Pogaru Movie Review: A mass entertainer which doesn't have anything new to offerModified On: 05 March 2021 | Reviewed By: Saurabh S Nair
Dhruva Sarja's Pogaru tries to replicate time-tested mother-son sentimental drama as it portrays protagonist Shiva (Dhruva Sarja) leading a fearless life. The director goes overboard in casting the hero in the mould of a mass character.
Cast: Dhruva Sarja, Rashmika Mandanna, Chikkanna, Ravi Shankar, Mayuri
Directed By: Nanda Kishore
Pogaru was touted as one of the most awaited films from Sandalwood this year for the simple reason that both Dhruva Sarja and director Nanda Kishore took almost a year to make this project.
Dhruva Sarja's Pogaru tries to replicate time-tested mother-son sentimental drama as it portrays protagonist Shiva (Dhruva Sarja) leading a fearless life. The director goes overboard in casting the hero in the mould of a mass character. Dhruva Sarja spends too much time mouthing mass dialogues as he takes too much screen space looking like a ruffian.
The story of Pogaru is mostly told by the protagonist, Shiva, a local youth whose bitter childhood makes him 'notorious'. Shiva longs for his deceased father and his only weakness is his mother (Pavithra Lokesh). He goes all out to get her attention and love, but all his attempts backfire.
However, an incident takes place between him and his sister (Mayuri), which becomes the turning point in his life, and there is a drastic change in his behaviour. How Shiva becomes a messiah to the people living in his neighbourhood, and how it affects them forms the rest of the story.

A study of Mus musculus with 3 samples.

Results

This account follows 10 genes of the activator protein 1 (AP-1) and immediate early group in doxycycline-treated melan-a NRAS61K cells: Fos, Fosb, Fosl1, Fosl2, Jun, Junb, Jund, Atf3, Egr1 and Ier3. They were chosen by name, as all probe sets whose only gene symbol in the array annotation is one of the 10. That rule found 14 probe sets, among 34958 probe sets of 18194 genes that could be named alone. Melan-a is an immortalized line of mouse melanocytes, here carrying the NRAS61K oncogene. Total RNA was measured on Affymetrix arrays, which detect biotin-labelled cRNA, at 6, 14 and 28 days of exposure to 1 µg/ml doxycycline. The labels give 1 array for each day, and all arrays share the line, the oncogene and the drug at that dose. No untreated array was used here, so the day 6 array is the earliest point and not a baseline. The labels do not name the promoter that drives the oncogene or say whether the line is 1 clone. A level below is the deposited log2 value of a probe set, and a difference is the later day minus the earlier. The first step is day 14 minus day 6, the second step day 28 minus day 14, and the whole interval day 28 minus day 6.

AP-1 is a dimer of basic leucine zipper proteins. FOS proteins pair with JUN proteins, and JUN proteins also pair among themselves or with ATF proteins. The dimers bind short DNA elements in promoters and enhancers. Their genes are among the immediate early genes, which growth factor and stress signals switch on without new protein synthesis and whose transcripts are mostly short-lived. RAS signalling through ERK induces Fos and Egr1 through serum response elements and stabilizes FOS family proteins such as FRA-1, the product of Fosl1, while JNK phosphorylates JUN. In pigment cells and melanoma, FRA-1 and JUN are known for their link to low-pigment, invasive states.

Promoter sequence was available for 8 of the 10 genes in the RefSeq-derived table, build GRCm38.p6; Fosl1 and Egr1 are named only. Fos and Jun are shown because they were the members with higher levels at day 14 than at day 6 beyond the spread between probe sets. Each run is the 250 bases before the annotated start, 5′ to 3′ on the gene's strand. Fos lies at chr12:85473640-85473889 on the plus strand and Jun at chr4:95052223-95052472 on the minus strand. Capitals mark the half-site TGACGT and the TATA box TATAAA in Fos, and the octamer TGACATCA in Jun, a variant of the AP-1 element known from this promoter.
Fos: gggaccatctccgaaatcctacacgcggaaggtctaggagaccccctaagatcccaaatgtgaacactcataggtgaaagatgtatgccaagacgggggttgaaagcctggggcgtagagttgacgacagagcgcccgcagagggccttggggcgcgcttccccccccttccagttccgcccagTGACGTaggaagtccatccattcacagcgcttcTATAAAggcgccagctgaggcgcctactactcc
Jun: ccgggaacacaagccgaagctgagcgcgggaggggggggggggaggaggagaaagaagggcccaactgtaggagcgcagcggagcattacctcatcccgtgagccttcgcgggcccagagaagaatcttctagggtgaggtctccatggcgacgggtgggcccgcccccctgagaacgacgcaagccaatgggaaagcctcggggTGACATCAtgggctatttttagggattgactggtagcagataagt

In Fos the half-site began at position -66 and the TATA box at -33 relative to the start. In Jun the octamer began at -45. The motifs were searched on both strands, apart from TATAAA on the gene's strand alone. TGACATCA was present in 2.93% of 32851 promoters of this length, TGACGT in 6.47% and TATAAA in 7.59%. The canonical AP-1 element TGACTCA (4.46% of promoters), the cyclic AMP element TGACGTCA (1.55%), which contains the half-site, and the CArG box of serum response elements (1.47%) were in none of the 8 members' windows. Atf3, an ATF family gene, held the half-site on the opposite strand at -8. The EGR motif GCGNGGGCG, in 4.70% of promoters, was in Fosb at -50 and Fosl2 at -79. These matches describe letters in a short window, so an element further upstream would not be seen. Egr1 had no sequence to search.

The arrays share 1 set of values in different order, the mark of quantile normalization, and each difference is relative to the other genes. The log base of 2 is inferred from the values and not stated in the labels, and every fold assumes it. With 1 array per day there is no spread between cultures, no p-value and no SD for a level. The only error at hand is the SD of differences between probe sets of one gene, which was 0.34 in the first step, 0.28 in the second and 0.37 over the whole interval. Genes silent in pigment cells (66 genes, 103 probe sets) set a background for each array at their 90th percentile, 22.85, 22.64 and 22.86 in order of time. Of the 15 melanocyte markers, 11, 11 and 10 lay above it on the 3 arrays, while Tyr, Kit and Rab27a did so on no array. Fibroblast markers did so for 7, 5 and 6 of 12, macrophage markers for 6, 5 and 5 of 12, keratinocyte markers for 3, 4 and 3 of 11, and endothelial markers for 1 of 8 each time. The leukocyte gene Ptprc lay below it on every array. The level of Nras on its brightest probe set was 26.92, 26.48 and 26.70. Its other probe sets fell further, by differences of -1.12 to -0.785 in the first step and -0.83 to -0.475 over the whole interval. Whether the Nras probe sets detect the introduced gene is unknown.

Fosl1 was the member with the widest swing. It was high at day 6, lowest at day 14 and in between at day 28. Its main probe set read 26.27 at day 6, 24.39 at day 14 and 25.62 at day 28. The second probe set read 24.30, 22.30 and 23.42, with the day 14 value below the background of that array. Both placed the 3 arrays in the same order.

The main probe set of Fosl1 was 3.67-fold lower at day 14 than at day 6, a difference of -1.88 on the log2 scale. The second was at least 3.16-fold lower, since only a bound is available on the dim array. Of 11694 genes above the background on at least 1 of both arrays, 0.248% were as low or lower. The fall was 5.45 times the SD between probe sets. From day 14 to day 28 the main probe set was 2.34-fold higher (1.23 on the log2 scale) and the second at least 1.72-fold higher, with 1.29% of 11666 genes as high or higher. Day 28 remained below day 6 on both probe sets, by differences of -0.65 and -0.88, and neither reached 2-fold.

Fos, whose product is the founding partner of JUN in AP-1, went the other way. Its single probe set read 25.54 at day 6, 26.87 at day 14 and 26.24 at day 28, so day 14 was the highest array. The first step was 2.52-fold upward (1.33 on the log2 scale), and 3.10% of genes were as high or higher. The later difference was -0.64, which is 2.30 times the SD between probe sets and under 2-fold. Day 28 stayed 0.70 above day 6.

As Pogaru turns out to be Dhruva's one-man show, the director leaves little space for other characters like Dhananjaya, Rashmika, Kuri Prathap.
Overall, the film is overloaded with typical Dhruva stuff meant only for a mass audience. The film features four top bodybuilders and models Kai Greene, Morgan Aste, Wayne Lucas and Jo Lindner in the climax fight. The concept of using top bodybuilders in climax fights hardly adds any value to the film except perhaps as a promotional. Music by Chandan Shetty is good but Karabu song picturisation is a celebration of eve-teasing.
Technically, Pogaru looks very rich in every frame and thanks to cinematographer Vijay Milton and childhood flashback episode that shows the Dhruva Sarja in a physical transformation as a teenager will definitely be remembered by the audience.
Overall, the film is a mass entertainer which doesn't have anything new to offer. It's a one-time watch for Dhruva Sarja's energy.